President Joe Biden nominated former Chicago Mayor and former White House Chief of Staff Rahm Emanuel to serve as his administration’s ambassador to Japan, the White House announced Friday.

Emanuel served as former President Barack Obama‘s chief of staff from 2009 to 2010. He then served as the mayor of Chicago from 2011 to 2019, where he made national headlines for his handling of the police shooting a black teenager in 2014.

The White House touted Emanuel’s economic accomplishments during his time as a mayor while also praising his work as a chief of staff for helping to pass the Affordable Care Act and the Dodd-Frank financial reform bill.

Following the announcement, House Speaker Nancy Pelosi (D-California) also welcomed his nomination in a statement.

“In the House and, indeed, across the nation, Rahm Emanuel is known and respected by all for his relentlessness and track record of success,” Pelosi said in a statement. “His great experience, from the U.S. House to the White House, will serve our nation well, as he works to deepen one of our nation’s most important alliances, champion American interests abroad and advance regional security and prosperity.”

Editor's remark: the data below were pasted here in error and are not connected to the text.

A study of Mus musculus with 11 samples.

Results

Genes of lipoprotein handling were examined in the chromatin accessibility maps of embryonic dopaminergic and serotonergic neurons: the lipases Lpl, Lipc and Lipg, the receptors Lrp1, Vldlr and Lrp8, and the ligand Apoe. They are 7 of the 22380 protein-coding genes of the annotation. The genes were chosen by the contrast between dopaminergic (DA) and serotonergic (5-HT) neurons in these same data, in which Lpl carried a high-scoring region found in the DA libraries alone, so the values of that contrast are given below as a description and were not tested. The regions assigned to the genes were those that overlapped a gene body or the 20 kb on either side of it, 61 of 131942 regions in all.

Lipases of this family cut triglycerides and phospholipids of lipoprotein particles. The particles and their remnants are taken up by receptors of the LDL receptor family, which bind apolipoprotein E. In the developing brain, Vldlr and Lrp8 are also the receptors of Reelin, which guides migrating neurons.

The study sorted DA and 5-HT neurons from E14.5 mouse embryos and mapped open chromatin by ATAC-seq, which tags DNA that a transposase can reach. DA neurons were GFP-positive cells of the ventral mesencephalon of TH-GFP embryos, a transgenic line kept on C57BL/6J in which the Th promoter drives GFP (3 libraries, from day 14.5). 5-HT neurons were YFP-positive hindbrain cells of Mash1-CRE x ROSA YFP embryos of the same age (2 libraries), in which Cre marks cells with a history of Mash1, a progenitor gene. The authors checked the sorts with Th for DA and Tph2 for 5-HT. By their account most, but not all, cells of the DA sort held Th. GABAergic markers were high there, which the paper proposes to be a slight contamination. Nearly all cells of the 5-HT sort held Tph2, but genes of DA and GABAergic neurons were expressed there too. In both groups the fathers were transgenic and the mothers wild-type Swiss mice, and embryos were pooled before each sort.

Sen. Bill Hagerty (R-Tennessee), a former ambassador to Japan during the Trump administration, congratulated Emanuel on taking over his position even while taking a shot at President Joe Biden.

“Given the ongoing failures witnessed in Afghanistan, it will be incumbent upon Mayor Emanuel to demonstrate strongly his ability to represent America’s vital interests in the region, and to protect the thousands of our citizens that are in Japan on any given day under the U.S. Ambassador’s Chief of Mission authority just as I did,” Hagerty said in a statement. “The Japanese people have an incredible spirit and a deep love for the United States, and I have no doubt that they look forward to welcoming the next U.S. Ambassador.”